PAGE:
The Deloitte Ladies Open will be particularly special for Marieke Nivard from the Netherlands. Not only is she playing in her home tournament at Golfclub Broekpolder near Rotterdam but she has also come full circle since finishing as the leading amateur at Eindhoven in 2008.

That year, Tania Elosegui of Spain took the title and four years on, Nivard will play alongside her and Becky Brewerton in one of the marquee groups, which she finds particularly pleasing.

“I will play with Tania for the first two rounds. When I played at the Dutch Open as an amateur she won the tournament and I was the leading amateur so it was a special moment. I still have the picture with her where she has the trophy. Now I am playing with her as a professional in the tournament so it makes it special for me,” Nivard said.

The 21-year-old from Eindhoven is one of nine Dutch players in the tournament field and hopes that large galleries will turn out to applaud the home players as in recent years.

Now in her second season as a member of the Ladies European Tour, Nivard’s game has improved considerably since last year, when she won twice on the LET Access Series, at the Trophee Preven’s and the Azores Ladies Open.

On account of her finishing first on the LETAS order of merit, she earned her Ladies European Tour card for the 2012 season and her results this year have been consistently improving.   

In addition to tying for 5th twice on the LETAS, she has made every cut in four appearances on the Ladies European Tour, in China, Morocco and Turkey, with a season-best tie for 26th in Germany last week.

I always take small steps so last year, coming to the European Tour from amateur golf was just a big step for me so it was good that I had the Access Series and could develop myself a little better. This year I think I’m ready to play well on the European Tour and it still takes time but I’m getting there,” she said.

“I made all my cuts this year and played a little better every tournament, so I’m getting there. I know I need to be patient.”

Nivard made five straight birdies during her third round in Germany and said it could have been even better.

I once played six under in my last five holes and you are always looking for that special focus or momentum but you can’t tell yourself to be there because you just do what you always do and then it either happens or it doesn’t and this time it happened. You don’t really know what happens when you do it: you just play,” she said.

Nivard gained experience through the LETAS and would recommend other young players to use the tour as a springboard to success.

I’m a great believer in playing as much as you can just to get experience, especially when you are young as you have so many years to go. I played five weeks in a row and I think I will be totally broken after the last week but I think I should play as many tournaments as I can and also still play on the Access Series when we have time off to develop myself and my game. I would always recommend it to other players but everyone is different,” she said.

Apart from the competitive experience, she said playing on the LETAS helped to adjust to the nomadic lifestyle: “Travelling by myself, not always as a team, without my coaches: just growing up, really. It doesn’t have anything to do with my game. I know what I need to do, how I need to practise, when I need to rest, when I don’t need to rest. It’s just growing up, I think.”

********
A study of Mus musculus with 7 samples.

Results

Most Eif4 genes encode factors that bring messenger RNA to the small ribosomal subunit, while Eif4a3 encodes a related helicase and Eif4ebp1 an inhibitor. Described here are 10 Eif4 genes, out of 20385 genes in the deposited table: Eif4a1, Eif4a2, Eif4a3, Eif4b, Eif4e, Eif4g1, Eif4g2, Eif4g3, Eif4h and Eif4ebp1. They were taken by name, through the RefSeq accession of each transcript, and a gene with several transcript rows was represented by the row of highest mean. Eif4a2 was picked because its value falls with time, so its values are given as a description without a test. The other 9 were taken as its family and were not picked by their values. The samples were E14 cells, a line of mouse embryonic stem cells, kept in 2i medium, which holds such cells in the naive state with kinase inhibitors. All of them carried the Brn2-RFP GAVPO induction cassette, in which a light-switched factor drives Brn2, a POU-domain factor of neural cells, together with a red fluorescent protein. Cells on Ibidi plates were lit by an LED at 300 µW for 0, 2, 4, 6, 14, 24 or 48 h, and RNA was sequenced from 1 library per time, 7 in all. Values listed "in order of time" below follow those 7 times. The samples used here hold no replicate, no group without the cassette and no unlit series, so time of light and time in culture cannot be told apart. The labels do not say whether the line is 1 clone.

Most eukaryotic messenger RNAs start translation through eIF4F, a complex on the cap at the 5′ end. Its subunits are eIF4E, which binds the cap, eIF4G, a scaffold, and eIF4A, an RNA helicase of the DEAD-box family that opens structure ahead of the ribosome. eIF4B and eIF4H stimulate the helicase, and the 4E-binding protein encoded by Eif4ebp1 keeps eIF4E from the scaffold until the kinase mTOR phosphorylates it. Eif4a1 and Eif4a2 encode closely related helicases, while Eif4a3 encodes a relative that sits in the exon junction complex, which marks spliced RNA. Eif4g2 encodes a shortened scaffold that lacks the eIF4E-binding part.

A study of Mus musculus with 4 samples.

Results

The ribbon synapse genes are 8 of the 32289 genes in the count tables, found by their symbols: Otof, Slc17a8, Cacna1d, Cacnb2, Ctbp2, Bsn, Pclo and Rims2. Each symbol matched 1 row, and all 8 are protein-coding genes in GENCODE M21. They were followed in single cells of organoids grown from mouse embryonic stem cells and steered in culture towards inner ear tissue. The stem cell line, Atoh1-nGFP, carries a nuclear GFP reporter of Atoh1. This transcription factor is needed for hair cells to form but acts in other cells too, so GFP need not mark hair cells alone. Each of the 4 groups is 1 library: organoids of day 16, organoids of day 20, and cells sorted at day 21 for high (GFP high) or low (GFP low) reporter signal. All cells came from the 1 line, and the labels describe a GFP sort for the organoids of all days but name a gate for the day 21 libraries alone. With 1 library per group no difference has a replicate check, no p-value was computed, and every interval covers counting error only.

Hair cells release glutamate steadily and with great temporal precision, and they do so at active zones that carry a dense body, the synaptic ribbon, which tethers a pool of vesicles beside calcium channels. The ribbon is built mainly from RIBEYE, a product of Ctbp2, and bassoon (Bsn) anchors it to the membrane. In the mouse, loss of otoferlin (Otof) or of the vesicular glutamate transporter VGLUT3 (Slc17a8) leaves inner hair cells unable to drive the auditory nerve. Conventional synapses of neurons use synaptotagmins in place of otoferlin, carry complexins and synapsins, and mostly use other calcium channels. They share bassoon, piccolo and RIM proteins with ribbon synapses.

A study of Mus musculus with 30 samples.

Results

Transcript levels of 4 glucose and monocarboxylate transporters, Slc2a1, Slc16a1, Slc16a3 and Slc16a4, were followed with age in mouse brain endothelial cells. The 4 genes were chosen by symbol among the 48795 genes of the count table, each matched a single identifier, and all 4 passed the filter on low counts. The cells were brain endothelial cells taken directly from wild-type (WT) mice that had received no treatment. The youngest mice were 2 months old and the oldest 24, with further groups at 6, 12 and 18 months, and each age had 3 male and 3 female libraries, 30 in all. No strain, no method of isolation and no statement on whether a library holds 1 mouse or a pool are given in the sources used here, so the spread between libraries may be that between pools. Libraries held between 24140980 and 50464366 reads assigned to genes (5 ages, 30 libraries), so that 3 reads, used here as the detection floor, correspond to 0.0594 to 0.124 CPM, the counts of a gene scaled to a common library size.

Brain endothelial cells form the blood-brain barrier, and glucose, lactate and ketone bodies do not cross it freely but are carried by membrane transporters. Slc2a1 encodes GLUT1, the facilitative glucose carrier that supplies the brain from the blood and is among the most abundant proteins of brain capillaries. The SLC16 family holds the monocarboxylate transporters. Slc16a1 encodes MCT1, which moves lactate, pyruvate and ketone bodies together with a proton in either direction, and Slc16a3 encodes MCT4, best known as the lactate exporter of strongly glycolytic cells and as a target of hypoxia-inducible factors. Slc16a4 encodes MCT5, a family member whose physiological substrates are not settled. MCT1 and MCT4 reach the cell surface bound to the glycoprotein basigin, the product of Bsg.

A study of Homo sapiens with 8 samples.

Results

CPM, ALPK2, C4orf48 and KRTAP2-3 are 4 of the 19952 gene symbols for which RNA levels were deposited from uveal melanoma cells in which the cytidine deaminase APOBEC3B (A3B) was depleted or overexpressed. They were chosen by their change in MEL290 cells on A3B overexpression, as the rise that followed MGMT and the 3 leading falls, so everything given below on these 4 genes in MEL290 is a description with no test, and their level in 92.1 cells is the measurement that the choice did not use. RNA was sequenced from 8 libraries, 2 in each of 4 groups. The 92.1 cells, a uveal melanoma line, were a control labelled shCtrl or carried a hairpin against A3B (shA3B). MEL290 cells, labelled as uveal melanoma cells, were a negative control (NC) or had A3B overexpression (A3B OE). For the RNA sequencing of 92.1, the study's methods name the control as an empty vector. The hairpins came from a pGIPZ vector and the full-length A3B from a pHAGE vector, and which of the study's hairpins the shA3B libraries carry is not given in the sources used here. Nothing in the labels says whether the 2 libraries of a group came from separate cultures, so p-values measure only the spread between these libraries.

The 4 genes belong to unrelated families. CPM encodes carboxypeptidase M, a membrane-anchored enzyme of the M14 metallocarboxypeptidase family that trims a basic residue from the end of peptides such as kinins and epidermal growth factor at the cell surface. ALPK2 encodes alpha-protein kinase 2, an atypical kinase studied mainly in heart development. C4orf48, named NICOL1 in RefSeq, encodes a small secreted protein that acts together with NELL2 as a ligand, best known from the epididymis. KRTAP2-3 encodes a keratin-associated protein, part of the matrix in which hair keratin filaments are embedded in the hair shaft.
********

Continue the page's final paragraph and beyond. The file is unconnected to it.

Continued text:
Now older and wiser, Nivard has much loftier goals. After missing the cut last year at Broekpolder, she hopes to finish in the top-20.

“Normally I set the goal to finish in the top 30 but for this week I say top 20 because you’re at home and want to play your best. I think it’s possible because it’s not the strongest field of the year. Top 20 and I’d be happy,” she said.

She feels that the scores will be lower than last year, when Melissa Reid finished with a three-round total of 213, three under par, after rounds of 71, 72 and 70, on account of recent rainfall.

“It plays very different than last year and I think it will be easier to score if the greens are okay because they are so soft. I hope they are going to be okay on Sunday and it doesn’t get too bumpy.

“I think last year was maybe three under. I think it was nine under two years back. I think it’s going to be eight under this week. It’s easier because you can just hit it at the flag and it will stop. I’m not sure what the weather is going to do. If we have weather delays it might be different,” she said.

Nivard’s brother, Michiel, could be her secret weapon as he is caddying for the tournament. “He used to play and had more talent than me but I was working harder. Now he studies and does other things but I kept on playing. He is one and a half years older than me. He’s done that before and I know it works well. I have some of my coaches watching which is important for them to see me play.”

Nivard is currently 59th on the Ladies European Tour order of merit and the nearest rival to current European No.1 Christel Boeljon from her country.

Although Boeljon is the favourite, Nivard will be feeling confident after recent successes and will be buoyed by the support of the home galleries, along with fellow professionals Dewi-Claire Schreefel, Sandra Eggermont, Marjet van der Garraff, Chrisje de Vries and Kyra van Leeuwen, as well as Karlijn Zaanen and Tessa de Bruijn, the two Dutch amateurs in the field.